Downtown-based Education Management Corp. has argued in court filings that a 2011 policy change by the Department of Education proves that EDMC didn't previously break rules for compensating college recruiters.
EDMC filed a brief filed late Friday, supporting its effort to have dismissed a federal lawsuit accusing it of improperly paying recruiters based on the number of students they enrolled. Two whistleblowers, the Department of Justice, five states and the District of Columbia have accused for-profit educator EDMC of compensating recruiters to its 106 facilities in ways that could have encouraged the misuse of federal student aid.
EDMC has said that other factors, including professionalism and ethics, were considered along with enrollments in pay calculations.
Federal laws from 2002 through mid-2011 barred pay plans for college recruiters "based solely on the number of students recruited." Last year the Department of Education changed the law to ban any consideration of enrollment numbers in determining recruiter pay at post-secondary institutions that get federal student aid.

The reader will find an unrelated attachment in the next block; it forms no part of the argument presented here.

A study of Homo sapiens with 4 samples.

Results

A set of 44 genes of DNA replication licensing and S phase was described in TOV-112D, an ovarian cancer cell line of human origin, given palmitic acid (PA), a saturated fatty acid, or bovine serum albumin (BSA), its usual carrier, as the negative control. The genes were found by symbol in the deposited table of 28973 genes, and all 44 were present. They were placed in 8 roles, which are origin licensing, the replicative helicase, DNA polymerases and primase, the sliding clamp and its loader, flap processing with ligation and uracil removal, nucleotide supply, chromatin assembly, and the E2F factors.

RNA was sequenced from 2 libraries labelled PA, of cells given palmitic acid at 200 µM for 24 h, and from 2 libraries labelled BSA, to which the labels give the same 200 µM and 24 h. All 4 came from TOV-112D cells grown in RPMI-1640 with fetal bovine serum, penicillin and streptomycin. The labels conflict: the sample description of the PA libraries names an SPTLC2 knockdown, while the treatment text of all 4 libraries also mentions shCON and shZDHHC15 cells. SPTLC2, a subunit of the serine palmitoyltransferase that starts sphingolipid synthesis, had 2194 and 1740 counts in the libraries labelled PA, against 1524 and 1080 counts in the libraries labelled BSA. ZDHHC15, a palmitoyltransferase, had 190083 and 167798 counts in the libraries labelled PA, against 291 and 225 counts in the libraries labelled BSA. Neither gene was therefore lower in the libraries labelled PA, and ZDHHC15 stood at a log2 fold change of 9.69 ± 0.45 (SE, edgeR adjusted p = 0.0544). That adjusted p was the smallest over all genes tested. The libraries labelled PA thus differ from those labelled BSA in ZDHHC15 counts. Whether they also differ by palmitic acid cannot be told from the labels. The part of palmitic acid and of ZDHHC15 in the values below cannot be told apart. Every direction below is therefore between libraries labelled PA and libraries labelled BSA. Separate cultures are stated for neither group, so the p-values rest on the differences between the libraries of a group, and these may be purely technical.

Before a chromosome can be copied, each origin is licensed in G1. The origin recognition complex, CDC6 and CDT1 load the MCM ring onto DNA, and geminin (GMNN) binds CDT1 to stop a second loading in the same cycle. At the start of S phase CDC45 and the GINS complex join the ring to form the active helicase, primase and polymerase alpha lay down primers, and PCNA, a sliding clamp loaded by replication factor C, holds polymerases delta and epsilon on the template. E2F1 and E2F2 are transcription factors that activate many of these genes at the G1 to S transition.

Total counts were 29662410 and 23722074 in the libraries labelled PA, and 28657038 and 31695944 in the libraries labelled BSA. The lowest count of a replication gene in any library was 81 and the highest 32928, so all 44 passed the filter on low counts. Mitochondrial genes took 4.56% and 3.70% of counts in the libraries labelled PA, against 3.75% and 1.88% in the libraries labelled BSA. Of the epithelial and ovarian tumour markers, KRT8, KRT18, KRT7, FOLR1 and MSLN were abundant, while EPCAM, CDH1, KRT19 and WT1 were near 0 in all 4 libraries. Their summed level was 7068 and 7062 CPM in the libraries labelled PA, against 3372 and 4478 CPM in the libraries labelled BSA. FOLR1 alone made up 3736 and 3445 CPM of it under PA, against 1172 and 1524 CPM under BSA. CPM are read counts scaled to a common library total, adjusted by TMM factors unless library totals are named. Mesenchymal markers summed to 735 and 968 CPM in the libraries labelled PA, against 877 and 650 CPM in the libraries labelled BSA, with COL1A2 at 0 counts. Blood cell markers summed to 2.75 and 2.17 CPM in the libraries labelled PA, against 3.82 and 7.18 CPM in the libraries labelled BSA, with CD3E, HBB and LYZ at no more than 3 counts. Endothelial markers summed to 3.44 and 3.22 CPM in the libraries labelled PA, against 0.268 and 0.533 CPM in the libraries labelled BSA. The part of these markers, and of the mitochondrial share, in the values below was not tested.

EDMC's attorneys wrote in their brief that in making that rule change, the Department of Education was "explicitly acknowledging in the process that the regulation in this case allowed salaries based in part on enrollment success."
The Department of Education has argued in briefs in other cases that the law was changed last year to stop "unscrupulous actors" who were using its language to circumvent Congress's intent.
The case is before U.S. District Judge Terrence F. McVerry. It is unclear if the parties will be allowed to file more briefs before he decides whether to dismiss the case or allow it to proceed.